Sometimes I lie awake at night and worry about what would happen if the Internet stopped working. How would I get work done? How would I communicate? How would the bank handle my money? Yet, I don’t have the best passwords. I suspect my firewall would be pretty easy to hack. Thanks to FourSquare I leave a digital footprint everywhere I go. I’m terrible about backing up anything. I’m all worry, no action. That makes me worry even more that everyone is like me. We worry about security late at night but we lapse into convenience in the light of day. Was US Bank like me?
The US Bank website was attacked last week. The Minneapolis/St Paul Business Journal (and others) reports that it was a denial of service attack…
The attacks flooded bank websites with 10 to 20 times more Internet traffic than the usual DOS attack. And even though the still-unidentified group behind the attacks announced its targets days ahead of time, banks were unable to cope with them.
So why weren’t they ready? I don’t know and I don’t want to pick on US Bank (they weren’t the only bank hit), but last spring I attended a National Security Conference at the U of M and one of the themes that came up was that human dynamics may be the weakest link in security these days…
Security often comes down to human error – or maybe human weakness. People open links they shouldn’t, download software they shouldn’t, transmit info via insecure wires networks. Sometimes that’s because people can be gullible; sometimes that’s because hackers can be good and persistent. Administrators don’t keep up on updates or take the time to shut all security doors and windows.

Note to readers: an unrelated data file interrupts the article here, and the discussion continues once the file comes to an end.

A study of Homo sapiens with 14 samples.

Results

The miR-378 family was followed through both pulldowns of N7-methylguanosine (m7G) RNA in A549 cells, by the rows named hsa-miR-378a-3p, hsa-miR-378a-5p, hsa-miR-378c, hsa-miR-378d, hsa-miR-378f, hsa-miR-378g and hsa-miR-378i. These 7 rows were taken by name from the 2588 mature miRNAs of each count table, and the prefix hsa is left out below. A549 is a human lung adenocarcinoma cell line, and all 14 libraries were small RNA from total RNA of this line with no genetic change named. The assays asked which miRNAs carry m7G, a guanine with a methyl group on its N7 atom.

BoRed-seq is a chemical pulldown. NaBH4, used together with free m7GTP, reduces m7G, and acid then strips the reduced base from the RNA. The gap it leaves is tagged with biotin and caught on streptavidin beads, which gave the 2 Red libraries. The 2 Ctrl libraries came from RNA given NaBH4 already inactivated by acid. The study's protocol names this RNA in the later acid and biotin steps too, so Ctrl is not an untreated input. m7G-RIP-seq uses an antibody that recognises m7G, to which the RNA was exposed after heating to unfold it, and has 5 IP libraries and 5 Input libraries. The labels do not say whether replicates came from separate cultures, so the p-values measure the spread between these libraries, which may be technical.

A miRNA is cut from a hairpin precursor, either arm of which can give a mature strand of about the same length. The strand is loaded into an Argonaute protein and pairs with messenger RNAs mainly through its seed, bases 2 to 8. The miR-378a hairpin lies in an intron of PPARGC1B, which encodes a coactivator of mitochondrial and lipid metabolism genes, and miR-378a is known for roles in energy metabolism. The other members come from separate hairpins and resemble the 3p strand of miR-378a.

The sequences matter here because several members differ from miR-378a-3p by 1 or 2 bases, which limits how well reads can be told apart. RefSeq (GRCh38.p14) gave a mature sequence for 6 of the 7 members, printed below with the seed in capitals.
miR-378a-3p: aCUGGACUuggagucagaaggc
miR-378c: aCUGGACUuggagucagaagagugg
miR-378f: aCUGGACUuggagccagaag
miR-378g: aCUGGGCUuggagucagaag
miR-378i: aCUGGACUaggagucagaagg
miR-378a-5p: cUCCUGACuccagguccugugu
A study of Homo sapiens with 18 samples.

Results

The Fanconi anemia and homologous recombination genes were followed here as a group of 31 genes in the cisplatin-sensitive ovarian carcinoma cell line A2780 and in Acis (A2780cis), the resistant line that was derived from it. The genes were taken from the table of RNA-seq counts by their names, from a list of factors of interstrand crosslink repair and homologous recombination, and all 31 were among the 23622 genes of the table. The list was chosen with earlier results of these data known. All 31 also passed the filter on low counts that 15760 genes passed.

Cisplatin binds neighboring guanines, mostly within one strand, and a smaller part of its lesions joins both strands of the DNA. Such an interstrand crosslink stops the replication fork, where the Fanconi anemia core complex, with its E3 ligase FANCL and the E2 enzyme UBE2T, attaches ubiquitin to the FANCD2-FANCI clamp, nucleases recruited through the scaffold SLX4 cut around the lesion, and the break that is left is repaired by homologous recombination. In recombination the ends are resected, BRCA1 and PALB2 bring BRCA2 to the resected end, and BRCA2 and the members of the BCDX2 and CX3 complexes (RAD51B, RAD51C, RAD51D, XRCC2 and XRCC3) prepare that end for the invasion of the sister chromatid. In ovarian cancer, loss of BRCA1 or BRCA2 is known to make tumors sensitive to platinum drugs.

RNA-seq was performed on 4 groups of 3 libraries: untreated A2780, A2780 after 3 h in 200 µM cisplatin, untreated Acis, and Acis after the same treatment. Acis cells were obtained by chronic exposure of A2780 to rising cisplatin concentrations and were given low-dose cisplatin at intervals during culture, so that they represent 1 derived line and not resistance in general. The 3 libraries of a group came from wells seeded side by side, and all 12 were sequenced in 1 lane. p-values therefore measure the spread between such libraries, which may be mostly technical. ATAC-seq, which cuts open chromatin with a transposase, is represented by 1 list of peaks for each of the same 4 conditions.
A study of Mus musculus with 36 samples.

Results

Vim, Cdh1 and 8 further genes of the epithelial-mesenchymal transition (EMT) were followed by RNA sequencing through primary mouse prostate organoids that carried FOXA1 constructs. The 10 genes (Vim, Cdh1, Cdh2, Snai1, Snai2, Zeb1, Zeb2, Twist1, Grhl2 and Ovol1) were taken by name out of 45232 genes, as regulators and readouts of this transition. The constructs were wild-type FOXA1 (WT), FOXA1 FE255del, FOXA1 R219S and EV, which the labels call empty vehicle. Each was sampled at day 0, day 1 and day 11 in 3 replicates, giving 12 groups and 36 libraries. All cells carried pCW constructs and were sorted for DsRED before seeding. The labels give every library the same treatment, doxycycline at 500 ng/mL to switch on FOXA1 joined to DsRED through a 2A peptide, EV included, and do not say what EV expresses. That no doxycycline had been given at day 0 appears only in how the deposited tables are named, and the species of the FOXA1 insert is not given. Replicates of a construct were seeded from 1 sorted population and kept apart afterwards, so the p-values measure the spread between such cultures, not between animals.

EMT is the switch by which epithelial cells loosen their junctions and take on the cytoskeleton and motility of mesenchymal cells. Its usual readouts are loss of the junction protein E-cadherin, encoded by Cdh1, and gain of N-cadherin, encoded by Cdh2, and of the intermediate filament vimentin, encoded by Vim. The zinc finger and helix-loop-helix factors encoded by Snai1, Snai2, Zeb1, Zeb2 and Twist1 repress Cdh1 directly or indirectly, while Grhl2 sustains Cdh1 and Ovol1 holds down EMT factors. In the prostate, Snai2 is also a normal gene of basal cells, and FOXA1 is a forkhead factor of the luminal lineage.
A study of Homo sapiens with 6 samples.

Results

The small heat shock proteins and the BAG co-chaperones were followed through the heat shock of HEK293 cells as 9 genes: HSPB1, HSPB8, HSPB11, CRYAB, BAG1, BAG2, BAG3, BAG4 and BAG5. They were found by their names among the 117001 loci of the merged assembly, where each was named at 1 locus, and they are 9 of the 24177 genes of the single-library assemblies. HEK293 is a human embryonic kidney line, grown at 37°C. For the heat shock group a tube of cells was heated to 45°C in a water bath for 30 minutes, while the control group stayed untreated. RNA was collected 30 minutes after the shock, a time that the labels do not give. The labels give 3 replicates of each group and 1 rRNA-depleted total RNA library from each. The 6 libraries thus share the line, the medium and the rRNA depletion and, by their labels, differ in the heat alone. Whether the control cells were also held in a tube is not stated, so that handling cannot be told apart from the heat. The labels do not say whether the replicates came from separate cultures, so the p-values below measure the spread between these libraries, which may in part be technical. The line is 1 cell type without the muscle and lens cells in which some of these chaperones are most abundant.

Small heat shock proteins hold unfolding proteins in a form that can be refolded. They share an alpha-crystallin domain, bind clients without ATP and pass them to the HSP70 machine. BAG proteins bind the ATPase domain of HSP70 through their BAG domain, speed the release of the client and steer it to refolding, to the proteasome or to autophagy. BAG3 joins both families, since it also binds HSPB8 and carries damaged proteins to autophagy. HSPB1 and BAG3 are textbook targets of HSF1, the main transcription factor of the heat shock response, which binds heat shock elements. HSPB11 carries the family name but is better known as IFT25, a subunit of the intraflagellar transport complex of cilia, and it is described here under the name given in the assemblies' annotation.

My worry was deepened last summer at TED Global, where we heard about groups who are looking to wreak havoc on security just because they can and where Marc Goodman from Future Crimes Institute, painted a very bleak picture of cyber security.
Marc Goodman did offer one ray of hope…
Technology, he says, is affording exponentially growing power to non-state actors and rogue players, with significant consequences for our common global security. How to respond to these threats? The crime-fighting solution might just lie in crowdsourcing.
This fits in well with another TED speaker, Navy Admiral James Stavridis, who spoke of the need to build bridges, not walls. But part of crowdsourcing, part of building bridges is convincing more people that these topics are worth their time and consideration.
So back to my original question – Is your community ready for a cyber attack? If you don’t know the answer, who does? I’m hoping to find out more about who knows and how I can spread the word at the Cyber Security Summit next week (Oct 9-10). I’ll post my notes – but what I have picked up from previous cyber security conferences is that our greatest weakness is our potential strength – people! So I’d encourage others to attend.